29 May 2023
Consumption, particularly services, continues to fuel China’s economic recovery
Looking ahead, China’s renewable energy transition is well underway with the adoption of ‘green’ hydrogen set to rise
China’s activity in April showed that the recovery momentum seen in consumption has not yet spilled over to broader economic activity. The consumption revival was held up by the strong services recovery, but the manufacturing and property sectors weakened.
Retail sales rose by 18.4% y-o-y as the revival in consumption continued to lead the way, helped in part by the increased demand ahead of the Labour Day Holidays. Catering sales saw a rebound to 44% y-o-y, while other discretionary items and those related to going out more also saw an ongoing pick-up (e.g. clothing and jewellery sales all rose by over 30% y-o-y).
Relatedly, the services production index picked up to 13.5% y-o-y in April (from 9.2% in May) as the rotation continued to services consumption from goods consumption, the latter of which was boosted during the pandemic. This will likely keep demand for downstream consumer goods relatively more subdued in the coming months.
Fixed Asset Investment growth slowed to 4.7% year-to-date y-o-y, dragged down by a deeper contraction in property investment (-7.2% y-o-y in April), while manufacturing investment (+5.3% y-o-y in April) also showed some slowdown in momentum. However, ongoing policy support for infrastructure investment (+11.5% y-o-y in April) provided a modest cushion.
China’s trade flows saw a divergence in flows between exports and imports.Exports maintained strong positive growth of 8.5% y-o-y in April, helped by a low base, while imports saw a deeper contraction of 7.9% y-o-y as the domestic revival has yet to fully broaden out with property investment still in contraction.
CPI inflation fell to its lowest reading in over two years, rising by 0.1% y-o-y in April, given weaker food and fuel prices. Core CPI inflation remained steady, however, as demand for services consumption picked up. Meanwhile, PPI inflation sank deeper into deflation, falling 3.6% y-o-y, dragged down by a fall in global commodity prices and ongoing weakness in the property sector.
China’s clean energy transition is important for global climate targets
As the world’s largest consumer of energy, the largest producer and consumer of coal, and the largest emitter of carbon dioxide, China’s transition towards clean energy is important for achieving global climate goals. The country aims to achieve peak CO2 emissions by 2030,carbon neutrality by 2060, and to increase the share of non-fossil fuels in its energy mix to 25% by 2030. Its energy transition, therefore, presents significant opportunities for investors looking to capitalise on the growing demand for renewable energy sources and storage systems.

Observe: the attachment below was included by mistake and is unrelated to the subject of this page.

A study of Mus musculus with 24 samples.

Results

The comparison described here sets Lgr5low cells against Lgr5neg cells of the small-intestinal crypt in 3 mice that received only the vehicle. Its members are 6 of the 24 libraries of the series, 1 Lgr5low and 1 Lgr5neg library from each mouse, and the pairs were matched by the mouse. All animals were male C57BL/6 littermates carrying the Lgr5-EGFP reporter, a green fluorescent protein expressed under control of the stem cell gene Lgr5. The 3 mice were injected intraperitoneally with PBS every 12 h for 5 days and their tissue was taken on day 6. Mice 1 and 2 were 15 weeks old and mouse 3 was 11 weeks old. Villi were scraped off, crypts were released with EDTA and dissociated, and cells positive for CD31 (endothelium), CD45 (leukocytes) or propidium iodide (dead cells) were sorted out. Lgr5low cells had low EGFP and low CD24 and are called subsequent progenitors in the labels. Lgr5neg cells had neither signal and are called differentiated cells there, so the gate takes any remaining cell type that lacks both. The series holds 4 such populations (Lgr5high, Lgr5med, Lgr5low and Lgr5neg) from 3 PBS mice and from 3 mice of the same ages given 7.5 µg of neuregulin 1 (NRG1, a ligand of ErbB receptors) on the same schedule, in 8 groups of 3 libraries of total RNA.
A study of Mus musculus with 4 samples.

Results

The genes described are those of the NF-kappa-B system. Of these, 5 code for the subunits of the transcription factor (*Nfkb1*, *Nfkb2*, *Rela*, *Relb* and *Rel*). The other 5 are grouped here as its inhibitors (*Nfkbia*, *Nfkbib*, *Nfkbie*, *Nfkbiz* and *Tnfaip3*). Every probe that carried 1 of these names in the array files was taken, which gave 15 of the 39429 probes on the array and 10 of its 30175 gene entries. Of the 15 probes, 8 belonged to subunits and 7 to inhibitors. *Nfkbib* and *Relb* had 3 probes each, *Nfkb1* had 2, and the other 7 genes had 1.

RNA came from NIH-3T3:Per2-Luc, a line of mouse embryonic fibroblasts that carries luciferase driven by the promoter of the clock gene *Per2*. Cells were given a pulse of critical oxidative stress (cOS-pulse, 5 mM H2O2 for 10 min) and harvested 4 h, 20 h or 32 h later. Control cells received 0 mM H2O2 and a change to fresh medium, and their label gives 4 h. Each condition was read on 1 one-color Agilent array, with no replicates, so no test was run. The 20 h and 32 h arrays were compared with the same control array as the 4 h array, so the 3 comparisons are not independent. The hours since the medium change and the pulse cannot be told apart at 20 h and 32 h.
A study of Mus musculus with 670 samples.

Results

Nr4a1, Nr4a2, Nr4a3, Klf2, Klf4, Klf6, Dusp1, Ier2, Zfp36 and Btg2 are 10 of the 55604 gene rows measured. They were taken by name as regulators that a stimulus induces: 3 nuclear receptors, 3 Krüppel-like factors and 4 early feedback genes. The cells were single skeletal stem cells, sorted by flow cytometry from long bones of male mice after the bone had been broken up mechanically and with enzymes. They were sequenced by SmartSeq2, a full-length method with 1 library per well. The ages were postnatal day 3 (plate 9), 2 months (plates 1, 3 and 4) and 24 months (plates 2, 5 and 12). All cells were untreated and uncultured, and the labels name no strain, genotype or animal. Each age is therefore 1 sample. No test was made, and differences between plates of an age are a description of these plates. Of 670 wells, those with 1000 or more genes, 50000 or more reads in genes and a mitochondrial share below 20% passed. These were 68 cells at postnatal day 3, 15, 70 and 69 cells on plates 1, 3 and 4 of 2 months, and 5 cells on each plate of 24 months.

Wind and solar installations may pick up
The expansion of renewable energy and related sectors is well underway. We expect to see a pick-up in wind and solar installations on the back of recent bidding activity. The acceleration in renewable energy subsidies should also improve utility companies’ appetite to expand, while lower turbine and module costs should support industry profitability. Some investors, however,have been considering the risk of trade tariffs and the potential for independent supply chains in developed markets, but we believe value in much of the renewable energy utility space is still solid in China.
Energy security and climate ambition need balance
As tight fuel supply and geopolitical tensions keep oil and gas prices above historical levels,China needs to strike a balance between energy security and its climate ambitions. The country’s growing but unstable renewable power supply also requires support from additional baseload power to minimise disruptions from extreme weather. This could lead to more fossil fuel and nuclear power investment in the near term. However, the government’s focus on renewables remains, with grid investment and energy storage in focus during the transition away from fossil fuels – the ‘green’ solution for energy security.
Sustainable fuel and smart grids are work in progress
The quest for decarbonisation can be segmented into ‘solved’ and ‘unsolved’ problems. The ‘solved’ problems include adoption, scale economics and competitiveness. ‘Partly solved’ or ‘unsolved’ problems relate to technology, where we have a broad sense of potential solutions, but there are significant challenges. For China, this includes sustainable fuel, smart grids, and the recycling of renewable equipment. The connection of renewables to the grid, for example, leads to unstable power supply, resulting in a mismatch of supply and demand, which requires IT systems to achieve load shedding.
‘Green’ hydrogen is on the cusp of wide adoption
‘Green’ hydrogen, a pure form of hydrogen produced via renewable energy sources, which emits no carbon dioxide when converted into electricity, is on the cusp of becoming far more widely adopted in China as costs tumble. This is being driven by falling costs of electrolysers, equipment that splits water to make hydrogen, and solar energy. We expect the average number of annual electrolyser system installations in China to dramatically increase in the coming years, driven by the next batch of mass green hydrogen projects that will likely be completed in 2024.